Although it may be premature to perform last rites on insurance exchanges created under the Affordable Care Act (ACA), it's fair to say that they are on life support in many states.
"We continue to see a decline in issuer participation in the health insurance exchanges, leaving consumers with fewer and fewer insurance options," Seema Verma, administrator of the federal Centers for Medicare & Medicaid Services, said in a report issued in late July. "I am deeply concerned about the crisis situation facing the individual market in many states across the nation."
The agency projects that residents of 49 counties will have no options to choose from when they try to enroll in a plan through an exchange for 2018. Another 2.4 million exchange participants in 1,300 counties may have only one carrier option next year, according to the report (see chart below).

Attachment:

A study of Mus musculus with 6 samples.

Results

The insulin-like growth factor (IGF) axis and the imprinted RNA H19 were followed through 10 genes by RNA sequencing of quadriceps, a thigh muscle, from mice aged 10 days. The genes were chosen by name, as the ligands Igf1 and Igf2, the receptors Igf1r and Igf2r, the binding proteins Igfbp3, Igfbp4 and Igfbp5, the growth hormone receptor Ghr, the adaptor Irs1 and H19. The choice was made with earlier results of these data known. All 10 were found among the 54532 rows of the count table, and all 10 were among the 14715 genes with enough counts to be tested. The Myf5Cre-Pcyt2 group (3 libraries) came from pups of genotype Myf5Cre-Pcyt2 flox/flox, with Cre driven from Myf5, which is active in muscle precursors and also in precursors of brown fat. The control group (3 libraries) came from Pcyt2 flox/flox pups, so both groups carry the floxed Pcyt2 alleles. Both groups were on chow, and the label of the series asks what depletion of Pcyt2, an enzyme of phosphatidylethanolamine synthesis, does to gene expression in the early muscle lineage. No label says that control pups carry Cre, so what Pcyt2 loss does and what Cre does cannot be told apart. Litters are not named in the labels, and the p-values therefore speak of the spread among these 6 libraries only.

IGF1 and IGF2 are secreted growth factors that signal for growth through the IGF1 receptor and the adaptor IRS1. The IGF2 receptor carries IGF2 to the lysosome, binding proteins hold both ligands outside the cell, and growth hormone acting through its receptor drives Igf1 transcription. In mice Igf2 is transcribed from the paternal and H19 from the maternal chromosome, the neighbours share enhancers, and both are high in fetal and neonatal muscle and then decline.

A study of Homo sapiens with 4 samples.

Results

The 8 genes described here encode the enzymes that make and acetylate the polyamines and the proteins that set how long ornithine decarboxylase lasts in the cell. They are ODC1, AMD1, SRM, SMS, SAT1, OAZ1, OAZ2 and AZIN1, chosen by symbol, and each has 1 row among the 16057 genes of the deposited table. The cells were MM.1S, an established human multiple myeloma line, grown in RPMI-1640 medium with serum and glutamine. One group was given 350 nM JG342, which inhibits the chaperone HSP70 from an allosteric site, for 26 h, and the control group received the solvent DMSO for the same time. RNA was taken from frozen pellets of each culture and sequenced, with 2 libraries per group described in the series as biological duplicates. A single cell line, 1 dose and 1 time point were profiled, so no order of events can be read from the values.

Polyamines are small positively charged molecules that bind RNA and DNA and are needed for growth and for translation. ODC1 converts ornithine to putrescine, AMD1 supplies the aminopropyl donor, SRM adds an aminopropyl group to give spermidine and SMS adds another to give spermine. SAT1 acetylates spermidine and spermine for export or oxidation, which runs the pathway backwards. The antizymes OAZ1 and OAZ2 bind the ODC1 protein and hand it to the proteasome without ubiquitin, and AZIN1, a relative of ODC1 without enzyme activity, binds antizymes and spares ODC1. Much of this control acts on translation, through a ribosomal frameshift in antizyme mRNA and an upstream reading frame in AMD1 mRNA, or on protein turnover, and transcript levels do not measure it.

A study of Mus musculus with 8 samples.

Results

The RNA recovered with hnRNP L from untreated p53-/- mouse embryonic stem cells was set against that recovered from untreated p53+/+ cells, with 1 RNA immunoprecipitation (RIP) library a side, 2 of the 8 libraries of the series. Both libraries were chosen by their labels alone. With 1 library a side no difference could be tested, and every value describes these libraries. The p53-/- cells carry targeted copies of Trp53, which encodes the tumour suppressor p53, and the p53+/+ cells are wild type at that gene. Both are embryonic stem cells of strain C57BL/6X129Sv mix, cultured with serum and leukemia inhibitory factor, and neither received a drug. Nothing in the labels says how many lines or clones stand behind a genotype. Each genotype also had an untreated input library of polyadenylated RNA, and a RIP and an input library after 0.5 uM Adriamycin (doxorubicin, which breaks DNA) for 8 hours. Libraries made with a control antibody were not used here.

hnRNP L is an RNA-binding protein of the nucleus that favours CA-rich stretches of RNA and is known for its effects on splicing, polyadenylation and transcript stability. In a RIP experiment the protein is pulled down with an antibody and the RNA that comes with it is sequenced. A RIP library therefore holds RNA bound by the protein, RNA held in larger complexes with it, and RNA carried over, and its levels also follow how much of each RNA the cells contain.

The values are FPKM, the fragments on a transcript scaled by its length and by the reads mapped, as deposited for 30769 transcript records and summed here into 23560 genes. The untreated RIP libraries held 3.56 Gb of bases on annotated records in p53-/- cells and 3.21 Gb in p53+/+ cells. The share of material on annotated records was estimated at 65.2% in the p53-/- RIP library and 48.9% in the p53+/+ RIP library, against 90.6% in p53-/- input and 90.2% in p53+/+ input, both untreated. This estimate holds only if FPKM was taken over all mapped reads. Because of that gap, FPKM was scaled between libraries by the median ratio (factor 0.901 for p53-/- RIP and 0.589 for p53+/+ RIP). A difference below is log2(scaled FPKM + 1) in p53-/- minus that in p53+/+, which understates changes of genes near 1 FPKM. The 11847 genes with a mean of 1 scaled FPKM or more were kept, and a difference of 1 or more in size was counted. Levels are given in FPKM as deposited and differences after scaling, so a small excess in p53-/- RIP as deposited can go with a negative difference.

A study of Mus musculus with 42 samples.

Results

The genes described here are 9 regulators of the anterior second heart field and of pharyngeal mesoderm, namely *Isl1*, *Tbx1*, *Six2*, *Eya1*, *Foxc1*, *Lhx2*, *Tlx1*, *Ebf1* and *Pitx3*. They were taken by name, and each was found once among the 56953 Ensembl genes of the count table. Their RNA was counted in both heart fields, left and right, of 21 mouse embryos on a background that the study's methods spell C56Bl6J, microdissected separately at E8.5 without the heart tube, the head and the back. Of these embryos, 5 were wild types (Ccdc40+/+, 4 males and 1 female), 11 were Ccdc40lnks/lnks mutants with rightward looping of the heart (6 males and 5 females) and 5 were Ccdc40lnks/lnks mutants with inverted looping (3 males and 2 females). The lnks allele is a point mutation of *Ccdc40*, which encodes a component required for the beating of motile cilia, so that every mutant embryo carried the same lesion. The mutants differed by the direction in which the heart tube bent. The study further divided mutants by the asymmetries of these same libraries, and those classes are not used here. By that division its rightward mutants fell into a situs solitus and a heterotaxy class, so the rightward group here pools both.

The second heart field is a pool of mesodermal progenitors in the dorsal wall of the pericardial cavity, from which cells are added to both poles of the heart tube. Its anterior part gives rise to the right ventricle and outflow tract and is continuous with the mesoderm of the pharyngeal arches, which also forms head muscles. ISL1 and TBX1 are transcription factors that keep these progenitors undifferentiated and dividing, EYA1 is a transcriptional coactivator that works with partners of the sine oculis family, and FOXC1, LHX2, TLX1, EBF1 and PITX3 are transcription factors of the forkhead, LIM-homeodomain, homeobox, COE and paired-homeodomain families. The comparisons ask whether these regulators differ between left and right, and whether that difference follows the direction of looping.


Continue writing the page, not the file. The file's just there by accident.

The Heritage Foundation, a conservative think-tank in Washington, D.C., says the reduction in the number of carriers continues a pattern that started with the inception of the ACA:
"One of the stated aims of the ACA was to increase competition among health insurance companies. That goal has not been realized, and by several different measures, the ACA's exchanges offer less competition and choice in 2017 than ever before. Now in the fourth year of operation, the exchanges continue to be far less competitive than the individual health insurance market was before the ACA's implementation. Moreover, insurer participation in the law's government-run exchanges has declined over the past two years and is now at the lowest level yet. This lack of insurer participation leaves exchange customers in 70 percent of U.S. counties with no insurer choice, or a choice between merely two insurers."